It is not uncommon for bosses to frown upon employees who spend time on social media websites at work. Those who spend time on Facebook or Twitter are usually considered wastrels or shirkers. Both these activities are seen as distractions – Facebook is perhaps lesser of the evil – it may be seen as a welcome break from work. Some organizations even block access to social media websites at work.
So, is accessing Social Media a distraction at work? Or is it part of the ‘new‘ work? Facebook and Email are not distractions but necessities argues Peter Shankman. The new normal of work includes Social Media says Amber Naslund. In my view, getting familiar with trends in Social Media is important for advertising & marketing professionals of today. But unlike other trends, this one needs hands-on practice not just observations from afar. Yes, one can have a point-of-view on trends in Social Media by reading articles & books but there’s no substitute for first hand practice (many make do with first-hand observation as silent observers in social media forums).
Yet, obsession with Social Media can be a distraction to real work. But that’s not to single out ‘social media’ as the bad boy. Anything can be a distraction – there was a time when SMS was. Gossiping with colleagues, reading a newspaper, too many smoke & coffee breaks, whiling away time surfing the web – all can be distractions and were so until fancy terms like tweeting came about. Social Media can be an addiction – it is an integral part of many people’s lives. But the ‘new work’ demands that we multi-task and balance the two.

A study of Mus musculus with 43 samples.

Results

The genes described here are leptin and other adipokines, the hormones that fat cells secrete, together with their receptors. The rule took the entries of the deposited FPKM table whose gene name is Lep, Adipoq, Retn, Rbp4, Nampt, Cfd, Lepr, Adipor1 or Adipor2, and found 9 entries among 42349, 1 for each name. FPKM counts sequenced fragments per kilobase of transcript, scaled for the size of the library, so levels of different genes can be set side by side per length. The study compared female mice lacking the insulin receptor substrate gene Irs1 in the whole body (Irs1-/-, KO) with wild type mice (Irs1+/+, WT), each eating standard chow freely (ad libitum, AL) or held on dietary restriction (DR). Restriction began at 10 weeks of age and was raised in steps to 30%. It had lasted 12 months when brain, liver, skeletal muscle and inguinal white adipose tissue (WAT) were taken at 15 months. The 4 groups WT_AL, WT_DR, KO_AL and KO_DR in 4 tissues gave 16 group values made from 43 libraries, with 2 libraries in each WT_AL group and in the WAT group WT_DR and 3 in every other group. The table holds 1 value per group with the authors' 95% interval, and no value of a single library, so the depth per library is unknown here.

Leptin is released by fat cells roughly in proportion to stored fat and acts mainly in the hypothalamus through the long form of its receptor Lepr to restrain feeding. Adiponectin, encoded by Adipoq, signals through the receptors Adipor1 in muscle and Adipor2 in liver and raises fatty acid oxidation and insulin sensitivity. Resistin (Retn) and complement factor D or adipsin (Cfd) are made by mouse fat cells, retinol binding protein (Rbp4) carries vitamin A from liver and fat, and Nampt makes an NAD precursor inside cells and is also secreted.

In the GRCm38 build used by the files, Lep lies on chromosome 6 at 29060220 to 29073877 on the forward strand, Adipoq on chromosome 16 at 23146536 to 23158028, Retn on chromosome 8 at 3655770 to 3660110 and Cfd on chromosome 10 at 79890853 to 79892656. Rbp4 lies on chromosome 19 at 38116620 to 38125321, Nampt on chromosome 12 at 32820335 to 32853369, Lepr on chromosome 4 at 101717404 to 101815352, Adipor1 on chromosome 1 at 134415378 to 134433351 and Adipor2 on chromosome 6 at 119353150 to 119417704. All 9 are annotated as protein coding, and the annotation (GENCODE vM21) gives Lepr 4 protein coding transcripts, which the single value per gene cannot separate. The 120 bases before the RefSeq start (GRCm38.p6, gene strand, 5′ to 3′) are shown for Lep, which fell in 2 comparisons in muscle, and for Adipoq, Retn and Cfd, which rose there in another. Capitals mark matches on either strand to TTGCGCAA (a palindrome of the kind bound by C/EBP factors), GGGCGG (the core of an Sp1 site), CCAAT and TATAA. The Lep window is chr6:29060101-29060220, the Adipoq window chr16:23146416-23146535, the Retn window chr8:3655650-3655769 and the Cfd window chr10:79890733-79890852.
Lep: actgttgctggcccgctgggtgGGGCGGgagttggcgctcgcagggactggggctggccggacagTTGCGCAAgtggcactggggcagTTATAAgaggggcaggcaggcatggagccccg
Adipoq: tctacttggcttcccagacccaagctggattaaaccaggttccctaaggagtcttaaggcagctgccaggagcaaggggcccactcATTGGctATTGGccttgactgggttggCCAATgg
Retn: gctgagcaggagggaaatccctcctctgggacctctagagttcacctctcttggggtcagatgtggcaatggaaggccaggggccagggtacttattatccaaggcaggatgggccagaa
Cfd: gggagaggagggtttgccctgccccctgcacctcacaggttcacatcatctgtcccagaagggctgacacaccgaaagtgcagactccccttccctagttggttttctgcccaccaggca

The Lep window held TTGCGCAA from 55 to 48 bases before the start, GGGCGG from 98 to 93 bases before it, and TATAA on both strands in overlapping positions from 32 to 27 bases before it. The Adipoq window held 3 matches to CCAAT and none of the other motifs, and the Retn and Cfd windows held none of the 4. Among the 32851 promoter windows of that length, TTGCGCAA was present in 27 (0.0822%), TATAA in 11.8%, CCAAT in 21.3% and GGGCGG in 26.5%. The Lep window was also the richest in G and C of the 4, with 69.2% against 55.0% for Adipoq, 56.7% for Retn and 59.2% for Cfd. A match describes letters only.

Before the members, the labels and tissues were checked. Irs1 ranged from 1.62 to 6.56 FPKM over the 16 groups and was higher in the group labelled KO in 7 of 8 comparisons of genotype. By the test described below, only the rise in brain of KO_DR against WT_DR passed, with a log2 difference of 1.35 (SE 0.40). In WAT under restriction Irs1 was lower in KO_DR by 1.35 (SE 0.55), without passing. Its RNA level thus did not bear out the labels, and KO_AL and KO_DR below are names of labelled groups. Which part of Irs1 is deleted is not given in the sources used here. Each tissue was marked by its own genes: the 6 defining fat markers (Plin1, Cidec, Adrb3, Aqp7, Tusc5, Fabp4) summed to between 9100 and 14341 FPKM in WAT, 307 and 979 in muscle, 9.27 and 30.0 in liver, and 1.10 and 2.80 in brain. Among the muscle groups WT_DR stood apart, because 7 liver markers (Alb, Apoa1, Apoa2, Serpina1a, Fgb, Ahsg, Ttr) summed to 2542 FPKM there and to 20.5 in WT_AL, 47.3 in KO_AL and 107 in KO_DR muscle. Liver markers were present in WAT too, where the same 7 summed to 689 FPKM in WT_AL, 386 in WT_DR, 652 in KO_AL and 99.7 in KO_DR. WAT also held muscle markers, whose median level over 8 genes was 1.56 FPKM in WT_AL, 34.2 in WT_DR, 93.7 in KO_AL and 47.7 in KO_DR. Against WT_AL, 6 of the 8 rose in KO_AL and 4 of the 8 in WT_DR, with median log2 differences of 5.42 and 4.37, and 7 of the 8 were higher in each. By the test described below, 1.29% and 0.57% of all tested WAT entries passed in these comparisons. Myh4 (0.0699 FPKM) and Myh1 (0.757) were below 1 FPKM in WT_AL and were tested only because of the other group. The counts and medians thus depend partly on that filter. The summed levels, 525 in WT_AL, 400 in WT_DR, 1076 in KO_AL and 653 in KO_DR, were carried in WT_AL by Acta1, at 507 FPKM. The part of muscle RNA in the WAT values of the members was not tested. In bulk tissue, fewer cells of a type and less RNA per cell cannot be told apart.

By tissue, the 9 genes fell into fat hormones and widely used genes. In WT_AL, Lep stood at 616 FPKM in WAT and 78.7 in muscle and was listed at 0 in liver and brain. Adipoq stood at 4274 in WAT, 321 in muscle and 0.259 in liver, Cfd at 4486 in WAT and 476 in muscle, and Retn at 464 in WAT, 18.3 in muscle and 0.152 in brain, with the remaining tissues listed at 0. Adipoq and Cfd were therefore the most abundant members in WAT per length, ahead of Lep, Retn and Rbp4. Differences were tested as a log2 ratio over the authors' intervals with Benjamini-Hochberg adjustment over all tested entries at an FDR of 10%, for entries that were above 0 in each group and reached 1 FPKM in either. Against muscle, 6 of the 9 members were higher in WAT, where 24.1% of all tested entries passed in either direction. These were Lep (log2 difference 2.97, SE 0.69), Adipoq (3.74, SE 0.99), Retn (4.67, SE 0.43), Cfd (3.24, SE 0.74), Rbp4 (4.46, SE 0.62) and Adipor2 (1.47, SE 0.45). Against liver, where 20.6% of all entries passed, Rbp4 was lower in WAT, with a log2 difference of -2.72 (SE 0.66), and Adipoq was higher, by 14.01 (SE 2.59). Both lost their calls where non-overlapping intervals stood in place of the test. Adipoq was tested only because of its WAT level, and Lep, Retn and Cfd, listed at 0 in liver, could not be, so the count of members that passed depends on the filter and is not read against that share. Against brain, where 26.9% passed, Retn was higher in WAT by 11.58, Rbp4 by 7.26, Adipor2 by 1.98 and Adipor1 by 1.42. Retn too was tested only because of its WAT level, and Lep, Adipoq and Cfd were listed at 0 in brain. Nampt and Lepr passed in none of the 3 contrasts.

According to this article:
People are more successful if we force them to move away from a problem or distract them temporarily, observe the authors of Creativity and the Mind, a landmark text in the psychology and neuroscience of creativity.
Last year, researchers at Australia’s University of Melbourne discovered that taking time to visit “websites of interest” actually increased the ability to concentrate, boosting productivity by 9%. People who do surf the Internet for fun at work — within a reasonable limit of less than 20% of their total time in the office — are more productive by about 9% than those who don’t.
Spending time on social media can be immensely useful especially for advertising & marketing practitioners – observations on consumer behaviour, brand activity, competitive activity can be gleaned from there. It also works as just as a break from work…as inspiration. But too much of anything cannot be good. There’s enough to distract us from the task at hand in any case – an urgent email request, a phone call, an unscheduled meeting and so on. In the midst of all this, one doesn’t really need a YouTube video or a celebrity tweet to add to the confusion. But work and Social Media engagements can be compartmentalized and need to be so. It can be a distraction to work, only if you allow it to be. No?